On November 3, 2023, the United States Forest Service announced a proposed amendment to its special use regulations at 36 C.F.R. part 251 to allow the Forest Service to review and process applications for carbon capture and storage beneath National Forest System Lands.
The Forest Service’s special use regulations set forth screening criteria that a proponent for a special use permit must meet. An existing screening criterion at 36 C.F.R. § 251.54(e)(1)(iv) does not allow the Forest Service to authorize exclusive and perpetual use and occupancy of National Forest System lands for any purpose. The proposed rule would create an express exception to this prohibition by stating that “the Forest Service may authorize exclusive and perpetual use and occupancy for carbon capture and storage in subsurface pore spaces.”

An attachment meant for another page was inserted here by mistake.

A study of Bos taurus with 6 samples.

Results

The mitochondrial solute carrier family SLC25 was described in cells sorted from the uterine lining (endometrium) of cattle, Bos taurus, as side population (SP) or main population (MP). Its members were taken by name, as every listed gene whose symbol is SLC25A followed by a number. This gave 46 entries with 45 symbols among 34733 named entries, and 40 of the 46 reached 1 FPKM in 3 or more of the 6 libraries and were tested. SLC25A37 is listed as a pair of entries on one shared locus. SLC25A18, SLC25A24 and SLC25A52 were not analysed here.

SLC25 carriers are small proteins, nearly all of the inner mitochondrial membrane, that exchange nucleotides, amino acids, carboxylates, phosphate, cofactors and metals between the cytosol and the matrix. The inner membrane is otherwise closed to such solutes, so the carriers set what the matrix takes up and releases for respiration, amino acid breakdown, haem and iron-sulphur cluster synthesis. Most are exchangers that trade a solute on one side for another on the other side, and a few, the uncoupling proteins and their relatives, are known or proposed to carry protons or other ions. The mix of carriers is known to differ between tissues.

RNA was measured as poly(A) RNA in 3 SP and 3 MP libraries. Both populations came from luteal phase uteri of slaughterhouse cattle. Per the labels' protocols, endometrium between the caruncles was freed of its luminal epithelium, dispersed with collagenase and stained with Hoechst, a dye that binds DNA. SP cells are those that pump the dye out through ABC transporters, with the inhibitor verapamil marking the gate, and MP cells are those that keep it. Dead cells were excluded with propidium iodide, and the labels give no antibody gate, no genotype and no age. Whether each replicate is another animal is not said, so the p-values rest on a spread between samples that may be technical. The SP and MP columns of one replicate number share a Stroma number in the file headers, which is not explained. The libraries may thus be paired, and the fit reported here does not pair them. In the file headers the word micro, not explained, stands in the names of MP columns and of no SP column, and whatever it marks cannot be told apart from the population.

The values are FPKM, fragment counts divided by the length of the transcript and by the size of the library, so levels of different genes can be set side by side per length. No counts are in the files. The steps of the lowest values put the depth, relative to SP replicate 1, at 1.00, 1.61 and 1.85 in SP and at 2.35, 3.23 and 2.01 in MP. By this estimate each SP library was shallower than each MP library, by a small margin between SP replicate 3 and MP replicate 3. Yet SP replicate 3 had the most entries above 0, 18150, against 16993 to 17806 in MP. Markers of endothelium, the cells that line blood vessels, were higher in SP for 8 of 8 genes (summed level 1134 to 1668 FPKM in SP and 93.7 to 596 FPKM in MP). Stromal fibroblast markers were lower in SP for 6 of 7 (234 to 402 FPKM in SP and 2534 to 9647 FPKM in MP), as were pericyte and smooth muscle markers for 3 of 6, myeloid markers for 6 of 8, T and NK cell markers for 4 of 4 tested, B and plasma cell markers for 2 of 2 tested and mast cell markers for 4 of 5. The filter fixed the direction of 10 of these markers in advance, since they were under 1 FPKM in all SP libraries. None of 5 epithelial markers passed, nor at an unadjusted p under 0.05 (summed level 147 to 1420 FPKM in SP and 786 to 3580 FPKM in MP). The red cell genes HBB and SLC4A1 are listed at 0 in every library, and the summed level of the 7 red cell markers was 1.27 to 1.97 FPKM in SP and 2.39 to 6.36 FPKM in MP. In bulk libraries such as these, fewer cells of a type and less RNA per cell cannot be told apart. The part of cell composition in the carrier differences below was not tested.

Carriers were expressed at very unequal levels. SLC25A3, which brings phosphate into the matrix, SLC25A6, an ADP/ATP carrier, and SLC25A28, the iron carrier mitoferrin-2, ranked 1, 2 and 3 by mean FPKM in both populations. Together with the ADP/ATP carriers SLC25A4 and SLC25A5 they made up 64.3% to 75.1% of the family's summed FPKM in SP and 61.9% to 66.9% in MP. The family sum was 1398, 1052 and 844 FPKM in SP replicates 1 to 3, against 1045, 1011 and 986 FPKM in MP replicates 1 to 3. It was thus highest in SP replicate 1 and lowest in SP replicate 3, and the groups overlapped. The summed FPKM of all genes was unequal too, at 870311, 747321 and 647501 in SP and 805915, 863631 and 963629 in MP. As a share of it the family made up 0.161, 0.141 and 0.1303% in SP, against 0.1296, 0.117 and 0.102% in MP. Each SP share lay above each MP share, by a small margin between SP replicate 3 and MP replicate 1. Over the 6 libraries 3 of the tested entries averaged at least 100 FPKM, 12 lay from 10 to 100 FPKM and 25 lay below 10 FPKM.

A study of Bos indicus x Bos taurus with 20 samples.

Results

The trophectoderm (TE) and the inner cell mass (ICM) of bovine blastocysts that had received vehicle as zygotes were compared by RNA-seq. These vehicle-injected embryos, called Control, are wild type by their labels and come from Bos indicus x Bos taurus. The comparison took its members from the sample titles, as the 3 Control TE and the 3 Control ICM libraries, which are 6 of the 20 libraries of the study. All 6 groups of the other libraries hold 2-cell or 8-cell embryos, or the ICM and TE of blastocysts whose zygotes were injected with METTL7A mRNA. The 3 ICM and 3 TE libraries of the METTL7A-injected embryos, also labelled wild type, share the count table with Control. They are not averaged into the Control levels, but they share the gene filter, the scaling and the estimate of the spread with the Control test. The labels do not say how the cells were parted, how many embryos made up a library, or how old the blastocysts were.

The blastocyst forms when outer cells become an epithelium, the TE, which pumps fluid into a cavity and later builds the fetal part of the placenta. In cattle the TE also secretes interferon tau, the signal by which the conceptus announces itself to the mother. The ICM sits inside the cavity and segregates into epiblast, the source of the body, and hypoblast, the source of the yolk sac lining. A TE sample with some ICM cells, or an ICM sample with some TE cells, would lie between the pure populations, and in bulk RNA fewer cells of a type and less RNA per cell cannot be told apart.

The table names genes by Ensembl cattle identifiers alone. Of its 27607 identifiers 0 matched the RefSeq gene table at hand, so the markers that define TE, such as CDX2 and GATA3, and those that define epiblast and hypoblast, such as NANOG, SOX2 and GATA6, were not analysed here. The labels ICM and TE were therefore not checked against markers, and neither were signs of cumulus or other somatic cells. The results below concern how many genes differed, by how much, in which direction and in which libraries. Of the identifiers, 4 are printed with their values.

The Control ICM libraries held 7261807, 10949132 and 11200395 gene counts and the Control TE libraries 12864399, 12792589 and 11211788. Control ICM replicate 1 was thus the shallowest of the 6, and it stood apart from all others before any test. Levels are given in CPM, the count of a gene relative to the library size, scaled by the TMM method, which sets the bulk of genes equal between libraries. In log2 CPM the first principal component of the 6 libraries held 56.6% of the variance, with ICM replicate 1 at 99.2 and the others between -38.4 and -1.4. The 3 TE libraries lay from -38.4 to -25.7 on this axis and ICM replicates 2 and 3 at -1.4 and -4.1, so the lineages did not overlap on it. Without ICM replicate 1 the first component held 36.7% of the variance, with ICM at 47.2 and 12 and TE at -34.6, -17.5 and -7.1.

The proposed rule would also define “carbon capture and storage” as “the capture, transportation, injection, and storage of carbon dioxide in subsurface pore spaces in such a manner as to qualify the carbon dioxide stream for the exclusion from classification as a ‘hazardous waste’ pursuant to United States Environmental Protection Agency regulations at 40 CFR 261.4(h).” This definition would specify that carbon capture and storage does not constitute a hazardous waste and therefore is not subject to the prohibition against authorizing storage of hazardous substances on National Forest System lands at 36 C.F.R. § 251.54(e)(1)(ix).
The proposed rule would not affect the U.S. Environmental Protection Agency’s authority to regulate and permit the underground injection and storage of carbon through its Class VI Underground Injection Control program.
The Forest Service is accepting public comment on the proposed rule through January 2, 2024. Procedures for commenting are outlined in the Federal Register notice.